The 2017-2018 Budget which was presented on 8th June 2017 by the Prime Minister, and Minister of Finance and Economic Development, Mr Pravind Jugnauth elaborates on several measures to consolidate the financial services sector and ensure that international norms, standards and compliance requirements are met. According to the minister, the aim is to bring the global business sector to another level so as to attract more international investors.
The following are the key measures for the financial services sector:
* Elaboration of a blueprint for the financial services sector over the next 10 years.
* Enhancing the reputation of Mauritius as a jurisdiction of substance with the GBC1 required to fulfil at least two of the criteria, making the guidelines more stringent on the substance requirement compared to at least one of six criteria.
* Supporting multinational firms to establish headquarters for Africa in Mauritius with the Stock Exchange of Mauritius to serve as a multi-currency platform.
* Encouraging Development banks to issue Infrastructure Bonds for projects in mainland Africa from Mauritius.
* Amendment to the Companies Act 2001 to allow Islamic Financial Institutions and Islamic Banks to adopt accounting standards issued by the Accounting and Auditing Organisation for Islamic Financial institution.
* Reforming tax regime for global business companies so that it evolves and meets new international requirements.
* Amendment to the Financial Services Act to provide for an increase in the number of members on the Board of the Financial Services Commission (FSC) from 7 to 9.
* Reinforcing the framework on anti-money laundering and combatting the financing of terrorism through compliance with international norms and standards.
* Improving techniques for safeguarding banking and payment transactions from any form of data breach, including cyberattacks.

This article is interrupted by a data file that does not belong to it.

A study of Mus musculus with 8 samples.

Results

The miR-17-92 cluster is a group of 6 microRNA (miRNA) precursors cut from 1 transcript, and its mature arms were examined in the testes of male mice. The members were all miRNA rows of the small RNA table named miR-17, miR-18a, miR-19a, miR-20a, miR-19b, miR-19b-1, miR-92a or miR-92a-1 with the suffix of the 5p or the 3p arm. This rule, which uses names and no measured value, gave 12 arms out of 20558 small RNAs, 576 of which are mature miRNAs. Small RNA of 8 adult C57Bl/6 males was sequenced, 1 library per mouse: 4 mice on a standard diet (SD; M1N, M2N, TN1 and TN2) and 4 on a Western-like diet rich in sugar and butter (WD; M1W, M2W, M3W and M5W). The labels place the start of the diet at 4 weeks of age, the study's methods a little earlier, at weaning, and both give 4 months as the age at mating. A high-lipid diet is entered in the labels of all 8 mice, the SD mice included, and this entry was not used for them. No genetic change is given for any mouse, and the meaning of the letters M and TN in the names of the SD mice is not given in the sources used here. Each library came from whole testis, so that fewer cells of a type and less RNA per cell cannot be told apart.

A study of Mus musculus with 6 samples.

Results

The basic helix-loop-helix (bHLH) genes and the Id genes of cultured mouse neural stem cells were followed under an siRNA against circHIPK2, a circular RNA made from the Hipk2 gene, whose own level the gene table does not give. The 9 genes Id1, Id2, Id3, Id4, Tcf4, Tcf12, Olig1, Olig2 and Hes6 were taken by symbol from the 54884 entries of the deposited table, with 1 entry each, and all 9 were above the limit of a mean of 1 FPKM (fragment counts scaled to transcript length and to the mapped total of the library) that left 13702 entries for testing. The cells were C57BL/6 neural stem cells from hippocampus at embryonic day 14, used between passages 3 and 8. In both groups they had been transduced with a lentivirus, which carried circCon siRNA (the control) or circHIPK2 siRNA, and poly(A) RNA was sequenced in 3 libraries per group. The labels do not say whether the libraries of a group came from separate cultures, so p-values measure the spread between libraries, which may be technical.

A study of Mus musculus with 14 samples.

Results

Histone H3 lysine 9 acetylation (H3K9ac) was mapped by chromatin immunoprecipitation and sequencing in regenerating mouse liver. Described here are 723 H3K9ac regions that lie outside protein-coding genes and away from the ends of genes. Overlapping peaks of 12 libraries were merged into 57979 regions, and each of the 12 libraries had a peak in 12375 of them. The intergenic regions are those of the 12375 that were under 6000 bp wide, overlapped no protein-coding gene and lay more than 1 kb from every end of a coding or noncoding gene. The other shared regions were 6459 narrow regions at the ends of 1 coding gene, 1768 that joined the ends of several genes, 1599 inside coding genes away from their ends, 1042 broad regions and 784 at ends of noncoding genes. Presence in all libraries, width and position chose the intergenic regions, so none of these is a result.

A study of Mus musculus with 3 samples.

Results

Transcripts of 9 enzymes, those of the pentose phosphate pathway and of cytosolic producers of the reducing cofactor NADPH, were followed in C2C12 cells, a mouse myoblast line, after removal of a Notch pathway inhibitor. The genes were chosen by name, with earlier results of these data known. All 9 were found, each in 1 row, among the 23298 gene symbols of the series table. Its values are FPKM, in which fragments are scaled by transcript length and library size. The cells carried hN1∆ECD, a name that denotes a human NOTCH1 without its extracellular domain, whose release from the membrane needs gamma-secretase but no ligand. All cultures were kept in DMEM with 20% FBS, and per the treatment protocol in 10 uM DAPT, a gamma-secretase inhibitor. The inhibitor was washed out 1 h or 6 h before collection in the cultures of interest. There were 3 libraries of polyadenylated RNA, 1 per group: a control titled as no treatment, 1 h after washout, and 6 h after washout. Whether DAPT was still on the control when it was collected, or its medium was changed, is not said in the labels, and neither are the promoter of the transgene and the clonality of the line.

*Setting up of Mauritius International Derivatives and Commodities Exchange (MINDEX), a platform for the trading of derivatives as well as spot trading of gold, diamonds and precious stones including vaulting activities.
* Positioning Mauritius as a capital raising platform.
* Alignment of the legal obligations on Special Purpose Funds with that of GBC1 companies.
Moreover, in view of making Mauritius a Fintech Hub for Africa, the Economic Development Board will engage with stakeholders to create a Regional Fintech Association to act as a think-tank with international institutions. The FSC will set the rules for regulating the Fintech activities such as peer-to-peer lending and funding, as well as mobile wallet.
The Bank of Mauritius Act will be amended to allow:
The Central Bank to license and regulate the issue of commercial papers with a view to enable corporate borrowers to diversify their source of short-term borrowings and to provide an additional instrument for investment.
* The Bank of Mauritius to invest in currencies as it may determine.
* For the issue of Shariah compliant instruments as the Central Bank may determine.
Furthermore, the Banking Act will also be amended to:
* Allow for the licensing and regulation of the issue of commercial papers; and
* Raise the minimum capital of commercial banks from Rs 200 million to Rs 400 million. Transitional Provisions will be provided to existing banks to increase their respective minimum capital to Rs 400 million.
Seems the Island Republic is on its best way to enter the top ranks of a Financial Offshore Hub!